Fortuna has a solid varied metals mining portfolio; what role do these resources play in the green transition?
At this point, 70% of Fortuna's total revenue is coming from gold, 20% from silver, and the remainder 10% from zinc and lead. We are a mid-sized producer and our sales today probably amount to $800 million a year, but we are not trying to squeeze ourselves into the category of critical metals that many other companies are striving to fit into these days. In a context where the central banks around the world have been purchasing gold at record rates over the last decade, and investors are using it to diversify their portfolios, we play a central role in sourcing this precious metal that acts as an anchor for the currencies of the world. If an ICE uses 25 kilograms of copper, an EV demands over 80 kilograms, and to fill the 4 million tonnes gap that we have by 2030, we should be opening one and a half world-class mines every year.
As a result, mining has become a central point of discussion in the green transition, but the precious metals sector needs to also lend a helping hand in stabilizing the global macroeconomics.
Today gold is trading close to historic price levels in nominal terms, and if it were to adjust its value to the inflation, we would get an even more striking result.
What are the main challenges the mining industry has to face in this day and age?
At this point in time, the mining industry is measured against very stringent standards, with society expecting and demanding much more from us, from environmental care disclosure to safety standards and supply chain monitoring. In light of all these changes, we are trying to find ways to use resources more efficiently, and, if in the past, the key topic was automation, the new concerns are revolving around reducing our footprint. A focus on underground mining instead of open-pit mining, and less water use and rock displacements are the main measures that can sustain both productivity and environmental standards. At the same time, it has become more difficult to obtain permits in countries with a long mining tradition such as the ones in Latin America, for example. Given these adversities, we have decided to expand our business with predilection to West Africa, where a mining project can be done in five years, and the local governments are interested in supporting foreign investments that act as catalysts for the economy. If we would draw a contour around the gold producing countries in West Africa, the resulting area would be the size of the state of Texas, but production wise it could surpass continental sized nations like China, Russia or the U.S.
Latin America is known for its political swings; how much does this affect the stability of your operations?
Mining has always been a frontier business, and we operate in developing economies where the rule of law is not necessarily stable. In Argentina, for example, we have had success in the province of Salta, where we have a stability agreement for taxes, but since it was signed with the former administration, now we would have to sue the state to be able to enforce it further. A mining project is very dependent on government support, and when countries with long mining traditions, like Mexico, are changing the mining concessions law and are making permitting difficult, the success of any project is greatly challenged. In addition, all these new laws prevent us from using our mineral titles to obtain bank loans so we are not able to sustain the capital-intensive construction phase anymore. Finally, Mexico has reserved all open ground mineral operations for the state, so there will be no more private explorations there in the predictable future.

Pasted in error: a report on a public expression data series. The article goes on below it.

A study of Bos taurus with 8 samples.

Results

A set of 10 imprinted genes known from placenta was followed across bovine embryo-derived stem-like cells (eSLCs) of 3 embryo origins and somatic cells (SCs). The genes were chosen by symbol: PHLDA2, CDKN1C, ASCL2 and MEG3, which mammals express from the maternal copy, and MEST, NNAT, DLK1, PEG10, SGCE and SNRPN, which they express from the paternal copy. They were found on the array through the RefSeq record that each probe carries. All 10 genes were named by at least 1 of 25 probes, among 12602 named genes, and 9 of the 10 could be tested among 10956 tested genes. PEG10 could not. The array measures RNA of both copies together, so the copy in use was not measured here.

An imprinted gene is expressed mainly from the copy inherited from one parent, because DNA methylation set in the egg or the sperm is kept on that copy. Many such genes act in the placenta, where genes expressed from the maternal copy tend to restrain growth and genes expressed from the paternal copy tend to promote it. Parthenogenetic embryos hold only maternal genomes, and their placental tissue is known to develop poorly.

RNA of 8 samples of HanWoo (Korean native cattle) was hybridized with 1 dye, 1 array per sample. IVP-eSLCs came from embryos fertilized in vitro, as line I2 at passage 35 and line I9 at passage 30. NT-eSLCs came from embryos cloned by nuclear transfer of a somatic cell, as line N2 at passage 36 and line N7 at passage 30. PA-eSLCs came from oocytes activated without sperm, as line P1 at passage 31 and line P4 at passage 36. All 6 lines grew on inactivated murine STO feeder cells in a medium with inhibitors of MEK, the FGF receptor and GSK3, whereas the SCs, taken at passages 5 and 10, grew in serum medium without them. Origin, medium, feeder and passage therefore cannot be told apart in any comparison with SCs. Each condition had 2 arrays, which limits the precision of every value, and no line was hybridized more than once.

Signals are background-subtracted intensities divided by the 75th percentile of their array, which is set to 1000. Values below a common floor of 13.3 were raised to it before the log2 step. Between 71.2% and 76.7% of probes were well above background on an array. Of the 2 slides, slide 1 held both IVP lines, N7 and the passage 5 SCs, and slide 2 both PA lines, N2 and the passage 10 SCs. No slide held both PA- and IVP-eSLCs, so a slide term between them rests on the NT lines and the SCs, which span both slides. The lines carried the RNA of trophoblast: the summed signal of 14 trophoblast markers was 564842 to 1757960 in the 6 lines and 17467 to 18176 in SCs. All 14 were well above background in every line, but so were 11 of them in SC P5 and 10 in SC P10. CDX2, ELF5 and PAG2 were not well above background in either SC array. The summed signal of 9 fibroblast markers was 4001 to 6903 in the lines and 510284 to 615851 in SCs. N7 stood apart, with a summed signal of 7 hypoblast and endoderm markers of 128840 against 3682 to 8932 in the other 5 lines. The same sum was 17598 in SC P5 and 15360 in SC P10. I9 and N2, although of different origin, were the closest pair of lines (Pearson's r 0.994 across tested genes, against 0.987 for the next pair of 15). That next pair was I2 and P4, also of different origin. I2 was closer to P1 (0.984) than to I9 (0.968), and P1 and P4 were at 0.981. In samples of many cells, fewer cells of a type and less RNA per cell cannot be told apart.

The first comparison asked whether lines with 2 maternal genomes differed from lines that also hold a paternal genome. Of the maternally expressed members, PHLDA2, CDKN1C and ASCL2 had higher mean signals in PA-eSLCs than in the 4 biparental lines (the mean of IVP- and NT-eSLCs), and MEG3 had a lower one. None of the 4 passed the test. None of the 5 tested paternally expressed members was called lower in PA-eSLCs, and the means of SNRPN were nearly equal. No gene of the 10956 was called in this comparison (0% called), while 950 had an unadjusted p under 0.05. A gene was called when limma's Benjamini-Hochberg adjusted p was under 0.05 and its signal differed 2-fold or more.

How can mining change people's lives in the countries where you are deploying new projects?
Traditionally, mining operations are set in remote areas, where we are bringing infrastructure, employment opportunities, and overall better living standards. Unfortunately, the industry has not been able to communicate all this value on a large scale, but when we arrive in a new area, we begin by training the local workforce to be able to access high-paying jobs. Furthermore, we support the education and health sectors, and we offer social mobility to communities, allowing people to have a better chance at emigrating for educational or career related purposes. On a more practical level, we recently adopted the global industry standards for tailings management, and in one of our mines in Mexico, we are actually operating the sewage facility in exchange for their residual water, which was dumped into the Atoyac river before our arrival there.
When you look at the future, what is the strategy of Fortuna to make the operations in West Africa the most efficient?
Fortuna is geographically dispersed, and, strategically, we aim to remain anchored in West Africa and Latin America because we believe we are capable of operating successfully in frontier jurisdictions, bringing an edge to the business. Tactically, we might move capital allocation depending on where the countries are more receptive to investment, with a special focus on West Africa, where we are looking to expand our presence more in the years to follow. Mining mainly depends on high grade deposits, and in Africa the average rate of open big mining is of 1,5 grams of gold per tonne versus the 0,8 grams in South America.